Crude futures prices surged $4.02/b (9%) higher in the week ending October 4th (to correspond to the data below), in the week following the OPEC decision to reverse strategy and limit their output. In addition, the nearby crude futures contract closed above $50 on Thursday for the first time since early June.
Commitments of Traders
Utilizing the Commodity Futures Trading Commission's (CFTC) Commitments of Traders (NYSE:COT) reports for crude oil, I was able to dissect how traders were re-positioning in the week ending October 4th.
The four groups I follow - Hedgers (Producer/Merchant/Processor/User) Longs and Shorts, and Speculators (Money Managers) Longs and Shorts - are defined below:
Hedgers: A "producer/merchant/processor/user" is an entity that predominantly engages in the production, processing, packing or handling of a physical commodity and uses the futures markets to manage or hedge risks associated with those activities.
Speculators: A "money manager," for the purpose of this report, is a registered commodity trading advisor (CTA), a registered commodity pool operator (CPO) or an unregistered fund identified by CFTC. These traders are engaged in managing and conducting organized futures trading on behalf of clients.
The latest data include data for both options and futures combined for the New York Mercantile Exchange (NYMEX). All comments below pertain to each group as a whole, on balance, noting there are exceptions among individuals.
Speculators bought the equivalent of over 66 million barrels in futures and options contracts in the week. The largest buyers were spec shorts, who covered (bought) over 43 million barrels. Their ending net short position was 98,659 lots. This is less than half of their short position in early August before all of the OPEC activity started. But near the previous top in prices in late May, they had a position around 50,000 lots, implying that there still may be more short-covering to go before prices peak.
Spec longs increased positions by almost 30 million barrels, ending the week at 353 million barrels. This is their longest position in more than two years.
Hedge buyers increased length by just over 5 million barrels to 329 million barrels. This was their longest position in 2016.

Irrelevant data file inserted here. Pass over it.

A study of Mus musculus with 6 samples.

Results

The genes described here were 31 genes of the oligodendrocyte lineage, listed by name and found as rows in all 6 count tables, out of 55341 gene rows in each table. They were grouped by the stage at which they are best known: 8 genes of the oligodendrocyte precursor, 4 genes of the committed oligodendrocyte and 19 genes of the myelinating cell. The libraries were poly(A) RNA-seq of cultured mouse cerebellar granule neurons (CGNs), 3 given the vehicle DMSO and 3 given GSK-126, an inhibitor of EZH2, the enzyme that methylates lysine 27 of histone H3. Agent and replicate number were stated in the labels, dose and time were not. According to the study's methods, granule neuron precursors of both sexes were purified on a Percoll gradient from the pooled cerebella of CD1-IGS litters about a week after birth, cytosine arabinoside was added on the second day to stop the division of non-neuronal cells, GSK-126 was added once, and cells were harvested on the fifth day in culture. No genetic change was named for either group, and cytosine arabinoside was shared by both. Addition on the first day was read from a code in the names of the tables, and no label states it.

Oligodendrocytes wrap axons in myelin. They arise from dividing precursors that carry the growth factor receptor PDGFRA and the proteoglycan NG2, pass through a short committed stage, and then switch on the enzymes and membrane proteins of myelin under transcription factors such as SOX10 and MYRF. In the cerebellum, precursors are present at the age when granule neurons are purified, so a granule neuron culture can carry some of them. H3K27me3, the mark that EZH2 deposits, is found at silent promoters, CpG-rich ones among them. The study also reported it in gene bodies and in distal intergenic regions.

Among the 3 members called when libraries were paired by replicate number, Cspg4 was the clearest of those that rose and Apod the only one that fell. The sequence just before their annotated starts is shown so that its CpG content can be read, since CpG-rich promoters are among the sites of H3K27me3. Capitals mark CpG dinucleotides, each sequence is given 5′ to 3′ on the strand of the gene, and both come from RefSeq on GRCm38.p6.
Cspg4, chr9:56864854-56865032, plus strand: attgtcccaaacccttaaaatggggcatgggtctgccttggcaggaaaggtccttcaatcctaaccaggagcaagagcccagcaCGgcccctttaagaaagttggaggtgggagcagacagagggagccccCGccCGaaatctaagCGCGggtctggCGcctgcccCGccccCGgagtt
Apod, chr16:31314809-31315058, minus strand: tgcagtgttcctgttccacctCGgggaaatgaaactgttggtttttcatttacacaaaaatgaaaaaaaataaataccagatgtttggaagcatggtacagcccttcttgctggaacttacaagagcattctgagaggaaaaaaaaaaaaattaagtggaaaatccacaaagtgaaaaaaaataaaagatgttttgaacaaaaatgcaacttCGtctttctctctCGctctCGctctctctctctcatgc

By contrast, short hedgers, primarily crude producers, increased (sold) the equivalent of 6 million barrels in hedges. As a result, their total hedge position increased to 592 million barrels, which is nearly their highest level since May 2011 when crude futures prices were $106/barrel.
Baker Hughes reported a miniscule rise in the rig count, but active rigs are about 35% higher than at the bottom in late May. Recent data from the Energy Information Administration also showed that well completions have exceeded new wells drilled in the past several months.
I netted the long and short positions of both these hedgers and speculators. Last week, there was a net purchase of 48 million barrels from these groups, which pushed prices higher.
The unexpected OPEC decision, though not fully believed by the market, sparked a major buying binge by speculators. Short sellers especially folded. However, based on past experience, they may have more covering to do before prices peak for this cycle. The interesting thing to watch is whether short hedgers weigh in heavily with futures prices over $50 or sit back to see how high prices can go before increasing hedges further.
Disclosure: I/we have no positions in any stocks mentioned, and no plans to initiate any positions within the next 72 hours.
I wrote this article myself, and it expresses my own opinions. I am not receiving compensation for it (other than from Seeking Alpha). I have no business relationship with any company whose stock is mentioned in this article.